How has COVID changed dentistry?

dentistry after covid

The world has changed post COVID, let’s accept it.

Ok, maybe not entirely, but a lot has changed.

How the world does business has surely changed. How the employees are hired, trained, retained and fired has changed. The trade and trade-fairs changed. The get-togethers and birthday celebrations changed.

Some areas got affected more than the others. And dentistry wasn’t spared.

Since, dentistry requires close-proximation with the oral and nasal cavity of a person, it is the most sensitive of all fields to have been impacted by Covid, and as a preventive measure, had to be completely shut in the beginning of the year. Only emergency procedures were performed such as trauma or completely unavoidable surgeries.

Sterilization and hygiene protocols in dentistry have always been very stringent, and dentists across the globe have been mandated to wear PPEs such as masks, head-cap, gloves, eyewear etc. With additional guidelines laid down by ministry of health and family welfare, dentistry is now coming back on track.

Some things that are going to change completely and not stay the same anymore will be the ventilation and fumigation of the clinic, appointment management, transparency in patient safety protocols and cost of procedures.  

Ventilation and fumigation

Gone are the days, when one could open a clinic in any and every corner of a building and get away with it. Clinic location will now have an additional point on the checklist along with the business factors that were earlier considered while finalizing a location.

Having a cross ventilation facility by means of windows or exhaust placements will  add to the safety and will allow the microorganisms to pass, instead of blocking their pathways and providing them a harbor to grow and thrive.

Also, the clinic infrastructure, such as the door and windows should allow complete seal so as to fumigate effectively and prevent dispersion to achieve better disinfection.

Appointment management

There must be sufficient waiting area to allow social and physical distancing at least for 3 to 5 people, considering 2 to 3 patients and 2 accompanying persons at a time. The appointment booking should be well spaced and cut overlapping. To reduce time and business loss , the assistant or the receptionists must be trained to create a good mix of appointments in a day, so there is enough time for each patient and no time is lost in waiting for the next patient to arrive and settle.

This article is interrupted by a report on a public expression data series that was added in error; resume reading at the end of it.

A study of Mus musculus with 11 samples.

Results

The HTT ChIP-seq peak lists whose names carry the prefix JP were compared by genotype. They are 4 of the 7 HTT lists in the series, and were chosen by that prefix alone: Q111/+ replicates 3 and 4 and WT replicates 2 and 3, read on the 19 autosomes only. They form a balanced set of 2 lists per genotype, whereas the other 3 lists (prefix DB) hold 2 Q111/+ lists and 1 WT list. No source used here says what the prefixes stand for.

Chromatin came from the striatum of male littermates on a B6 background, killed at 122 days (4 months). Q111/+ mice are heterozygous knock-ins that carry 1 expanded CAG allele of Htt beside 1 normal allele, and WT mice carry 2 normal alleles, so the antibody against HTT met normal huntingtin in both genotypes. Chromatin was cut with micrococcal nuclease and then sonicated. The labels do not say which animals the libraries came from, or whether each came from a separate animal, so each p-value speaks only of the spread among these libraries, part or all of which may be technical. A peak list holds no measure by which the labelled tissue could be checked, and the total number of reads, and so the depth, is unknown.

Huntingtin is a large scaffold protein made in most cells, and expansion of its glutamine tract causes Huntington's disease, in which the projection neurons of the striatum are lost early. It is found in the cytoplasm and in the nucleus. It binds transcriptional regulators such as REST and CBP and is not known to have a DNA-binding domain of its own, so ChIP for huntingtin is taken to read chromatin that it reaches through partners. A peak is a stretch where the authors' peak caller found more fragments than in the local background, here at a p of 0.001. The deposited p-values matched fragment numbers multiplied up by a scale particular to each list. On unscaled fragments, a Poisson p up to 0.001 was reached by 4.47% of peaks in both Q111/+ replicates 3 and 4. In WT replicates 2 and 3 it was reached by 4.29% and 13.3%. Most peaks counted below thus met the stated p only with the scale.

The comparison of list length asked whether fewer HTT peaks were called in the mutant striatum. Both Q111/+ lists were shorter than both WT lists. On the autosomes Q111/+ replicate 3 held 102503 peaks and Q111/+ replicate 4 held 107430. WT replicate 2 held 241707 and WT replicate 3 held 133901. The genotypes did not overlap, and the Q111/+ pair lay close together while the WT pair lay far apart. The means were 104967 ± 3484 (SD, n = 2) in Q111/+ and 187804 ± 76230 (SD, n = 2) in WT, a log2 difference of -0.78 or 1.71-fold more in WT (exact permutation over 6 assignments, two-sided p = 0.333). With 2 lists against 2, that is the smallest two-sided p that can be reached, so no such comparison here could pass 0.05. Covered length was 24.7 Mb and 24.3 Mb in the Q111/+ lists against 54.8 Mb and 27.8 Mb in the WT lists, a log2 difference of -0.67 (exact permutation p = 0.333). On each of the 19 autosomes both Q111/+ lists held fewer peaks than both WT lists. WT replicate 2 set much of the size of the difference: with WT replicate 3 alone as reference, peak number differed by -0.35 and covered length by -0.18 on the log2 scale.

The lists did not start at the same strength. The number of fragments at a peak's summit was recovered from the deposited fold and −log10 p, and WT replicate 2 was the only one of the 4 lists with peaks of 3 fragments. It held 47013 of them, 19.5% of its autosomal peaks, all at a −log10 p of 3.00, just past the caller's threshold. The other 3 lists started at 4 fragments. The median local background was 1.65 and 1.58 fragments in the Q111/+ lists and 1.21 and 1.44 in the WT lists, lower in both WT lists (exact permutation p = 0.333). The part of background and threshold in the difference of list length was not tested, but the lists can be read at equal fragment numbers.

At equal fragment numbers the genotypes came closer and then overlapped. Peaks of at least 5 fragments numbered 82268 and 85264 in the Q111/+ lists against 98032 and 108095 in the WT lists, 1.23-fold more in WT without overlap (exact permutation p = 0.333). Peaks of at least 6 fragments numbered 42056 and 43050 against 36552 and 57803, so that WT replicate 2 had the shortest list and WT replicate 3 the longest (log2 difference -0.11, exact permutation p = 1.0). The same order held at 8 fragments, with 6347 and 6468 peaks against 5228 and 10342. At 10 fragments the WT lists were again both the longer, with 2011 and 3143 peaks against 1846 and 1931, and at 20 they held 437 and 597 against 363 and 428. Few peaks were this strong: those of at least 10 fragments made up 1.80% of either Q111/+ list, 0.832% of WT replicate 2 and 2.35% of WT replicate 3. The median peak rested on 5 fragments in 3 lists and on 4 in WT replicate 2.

Transparency in patient safety

Patients today demand to know the measures taken and the protocols followed by not just the dentist but the entire dental care team. Sterilized instruments must be well sealed and be opened in front of the patient only, like we have been doing for disposable needles. This would also reduce patient anxiety.

Needless to say that the entire team needs to be very mindful and stringent in practicing distancing and safety protocols.

Cost of procedures

Cost of carrying out a procedure will now definitely be higher considering the appointment changes and additional activities in clinic and instrument sterilization. Changing the entire PPE and not just the gloves after every procedure, cleaning and wiping every touch surface, the cost of time consumed in changing every single instrument, having a complete set-up even for a check-up of minor procedure will add to the overall cost of the procedure.

It has always been known to every dentist that Dental clinics are one of  the most dreaded places to visit for any person, now with COVID, the fear has only risen.

The dentists must understand this and prepare to answer more questions and take more time to connect with the patients instead of jumping right onto doing a procedure. This will alleviate fear and make the patients feel comfortable.

Today, patients may not be willing to experiment and window shop with dentists, so the focus must be on making those visiting you feel comfortable and safe so they do not need to look for any other dental clinic.

That being said, do not see these additional measures and protocols as costs, rather look at it as an investment and keep doing the great work while also making a point to connect with patients emotionally. Many may be in genuine need to be heard of. These acts will reap benefits in near future and you will slowly and steadily see a rise in patients walking in and also bringing references with them. Small measures such as these, will differentiate you from the other clinics in the vicinity.

Let’s grow QUALITY dentistry together!